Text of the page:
In jail, inmates may rely on a secret code to slip cryptic messages past corrections officers. Here are some of the most common, and one that was never solved.
- In jail, inmates often rely on secret codes to slip messages past corrections officers.
- Cracking these codes is the specialty of the FBI's cryptanalysis unit.
- We compiled some of the most common jail codes, as well as one the FBI never solved.
In jail, corrections officers are constantly monitoring the mail inmates send and receive.
They're looking for any number of things hidden in the envelopes — drugs, money, or contraband items like cell phones, for example.
But in many cases, they're looking for something much harder to spot: secret codes.
That was the case last year at Fulton County Jail in Atlanta, when staff intercepted a letter from an inmate that looked innocuous, but actually contained an encoded message ordering a hit on a staff member.
Cracking codes is the specialty of the FBI's Cryptanalysis and Racketeering Records Unit, which details on its website the various types of secret codes, or ciphers, used by inmates.
We've compiled some of the most commonly used codes below:
In this basic code, every fifth word spells out a secret message.
In a substitution cipher, one letter of the alphabet is substituted for another one.
Using this basic code, HELLO becomes URYYB.
In a telephone keypad cipher, letters of the alphabet are used to represent numbers as they appear on a common telephone keypad.
The letters Q and Z can represent either 0 or 1, which typically don't have any letters on a phone keypad. With this code, the telephone number (202) 324-5678 can be written any of the following ways:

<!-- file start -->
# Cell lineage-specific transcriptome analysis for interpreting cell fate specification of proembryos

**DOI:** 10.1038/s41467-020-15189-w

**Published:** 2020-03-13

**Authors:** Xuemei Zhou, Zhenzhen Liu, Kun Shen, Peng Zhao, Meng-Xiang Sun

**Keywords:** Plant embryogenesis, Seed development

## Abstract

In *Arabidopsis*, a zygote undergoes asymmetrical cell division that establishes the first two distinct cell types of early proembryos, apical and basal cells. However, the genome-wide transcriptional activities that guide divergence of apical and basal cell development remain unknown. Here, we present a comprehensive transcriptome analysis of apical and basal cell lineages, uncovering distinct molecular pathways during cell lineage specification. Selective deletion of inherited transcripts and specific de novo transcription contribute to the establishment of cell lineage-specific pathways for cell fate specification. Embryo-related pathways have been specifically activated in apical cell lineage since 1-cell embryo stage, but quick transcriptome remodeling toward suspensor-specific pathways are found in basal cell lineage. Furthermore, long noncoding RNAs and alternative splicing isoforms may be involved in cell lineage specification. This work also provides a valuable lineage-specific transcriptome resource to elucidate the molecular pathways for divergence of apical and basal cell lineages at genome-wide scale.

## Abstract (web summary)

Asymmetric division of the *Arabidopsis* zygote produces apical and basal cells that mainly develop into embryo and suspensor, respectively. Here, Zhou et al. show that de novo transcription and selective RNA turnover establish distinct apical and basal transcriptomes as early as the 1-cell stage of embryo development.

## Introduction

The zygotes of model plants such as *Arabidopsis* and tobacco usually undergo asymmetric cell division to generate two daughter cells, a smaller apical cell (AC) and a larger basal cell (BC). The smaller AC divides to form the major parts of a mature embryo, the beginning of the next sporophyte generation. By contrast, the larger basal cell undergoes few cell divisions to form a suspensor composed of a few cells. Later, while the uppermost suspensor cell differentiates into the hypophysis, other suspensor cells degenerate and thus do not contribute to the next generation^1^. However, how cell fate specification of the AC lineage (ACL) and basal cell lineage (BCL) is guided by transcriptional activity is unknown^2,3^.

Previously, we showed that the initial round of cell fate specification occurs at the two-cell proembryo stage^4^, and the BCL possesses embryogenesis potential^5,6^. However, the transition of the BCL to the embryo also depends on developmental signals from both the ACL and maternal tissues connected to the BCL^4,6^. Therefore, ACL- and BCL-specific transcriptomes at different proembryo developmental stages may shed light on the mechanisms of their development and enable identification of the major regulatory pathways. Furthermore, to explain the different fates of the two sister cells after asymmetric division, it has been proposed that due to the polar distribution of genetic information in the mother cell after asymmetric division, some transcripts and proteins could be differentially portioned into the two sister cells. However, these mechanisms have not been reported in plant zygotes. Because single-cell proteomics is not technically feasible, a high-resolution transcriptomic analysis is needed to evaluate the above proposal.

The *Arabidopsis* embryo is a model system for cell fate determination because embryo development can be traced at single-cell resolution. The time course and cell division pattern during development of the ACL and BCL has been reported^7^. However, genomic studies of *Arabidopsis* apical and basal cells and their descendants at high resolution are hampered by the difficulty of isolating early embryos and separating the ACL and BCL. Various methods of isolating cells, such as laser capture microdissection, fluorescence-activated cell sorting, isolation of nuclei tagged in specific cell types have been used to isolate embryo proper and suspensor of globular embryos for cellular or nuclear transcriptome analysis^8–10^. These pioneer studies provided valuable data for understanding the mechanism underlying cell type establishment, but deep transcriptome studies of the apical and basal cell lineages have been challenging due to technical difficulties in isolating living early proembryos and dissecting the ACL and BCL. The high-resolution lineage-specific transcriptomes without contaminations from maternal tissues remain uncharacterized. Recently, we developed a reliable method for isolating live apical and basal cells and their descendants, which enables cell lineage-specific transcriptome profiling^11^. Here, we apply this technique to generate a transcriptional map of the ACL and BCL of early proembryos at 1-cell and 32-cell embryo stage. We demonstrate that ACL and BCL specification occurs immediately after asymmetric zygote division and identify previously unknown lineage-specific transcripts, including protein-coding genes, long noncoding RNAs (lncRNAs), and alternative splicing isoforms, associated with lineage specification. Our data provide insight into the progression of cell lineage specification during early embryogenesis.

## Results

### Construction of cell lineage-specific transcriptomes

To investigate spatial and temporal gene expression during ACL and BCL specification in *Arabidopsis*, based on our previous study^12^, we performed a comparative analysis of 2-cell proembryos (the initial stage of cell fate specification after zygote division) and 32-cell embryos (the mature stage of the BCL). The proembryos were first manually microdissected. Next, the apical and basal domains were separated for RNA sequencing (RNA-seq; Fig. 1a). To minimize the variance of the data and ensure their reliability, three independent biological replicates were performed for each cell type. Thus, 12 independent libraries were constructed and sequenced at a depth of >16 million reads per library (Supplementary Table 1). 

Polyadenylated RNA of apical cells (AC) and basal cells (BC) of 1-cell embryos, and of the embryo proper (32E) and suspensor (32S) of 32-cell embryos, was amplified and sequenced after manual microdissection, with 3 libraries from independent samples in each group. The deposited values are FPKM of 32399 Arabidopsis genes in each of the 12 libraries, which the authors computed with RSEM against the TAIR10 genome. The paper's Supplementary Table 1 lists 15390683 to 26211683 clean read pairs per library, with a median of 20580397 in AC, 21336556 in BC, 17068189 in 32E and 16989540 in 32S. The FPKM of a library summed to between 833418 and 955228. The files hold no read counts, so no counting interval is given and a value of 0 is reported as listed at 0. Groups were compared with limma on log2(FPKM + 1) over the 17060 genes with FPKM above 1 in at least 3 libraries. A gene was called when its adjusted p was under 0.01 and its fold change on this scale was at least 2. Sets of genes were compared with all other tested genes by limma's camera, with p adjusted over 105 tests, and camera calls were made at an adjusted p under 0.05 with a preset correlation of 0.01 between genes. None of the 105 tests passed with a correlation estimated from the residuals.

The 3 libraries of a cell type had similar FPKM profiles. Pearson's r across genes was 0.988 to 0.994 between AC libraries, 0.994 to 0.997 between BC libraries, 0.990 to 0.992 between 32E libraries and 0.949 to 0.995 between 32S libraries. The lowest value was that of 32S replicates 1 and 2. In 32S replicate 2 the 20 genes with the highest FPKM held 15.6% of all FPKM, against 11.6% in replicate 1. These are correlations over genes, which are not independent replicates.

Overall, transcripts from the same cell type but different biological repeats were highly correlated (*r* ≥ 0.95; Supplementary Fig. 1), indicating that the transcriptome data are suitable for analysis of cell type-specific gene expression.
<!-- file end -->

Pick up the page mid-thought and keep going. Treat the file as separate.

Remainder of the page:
B Q B D A G K M R V
C Q A F B I J N P X
A Q B E C H L O S T
The pigpen cipher or masonic cipher turns letters into fragments of a grid.
With this code, the letter U becomes the symbol > based on its position in the grid.
The four square cipher is a little more complex. It involves matching up coded letters to their counterparts in a series of grids.
This code breaks down messages two letters at a time.
Take the message "HELLO," for example: the first two letters are HE. Someone using this code would find H in the upper left grid and E in the lower right grid. Then, they would draw an imaginary rectangle connecting the two letters, and substitute the original letters with whichever other two letters the corners of the rectangle land on.
In this case, HE would be converted to FA. Using the same grid, the message "PLEASE HELP" would be converted to GL EO TY FA NF.
Not every code is so easily solvable. In fact, the following code has confounded the FBI for 19 years.
Authorities found a note containing the above code on the body of murder victim Ricky McCormick in 1999. The FBI considers it the only clue regarding the homicide, but it has been unable to crack the code since then, and has even enlisted help from the American Cryptogram Association and members of the public.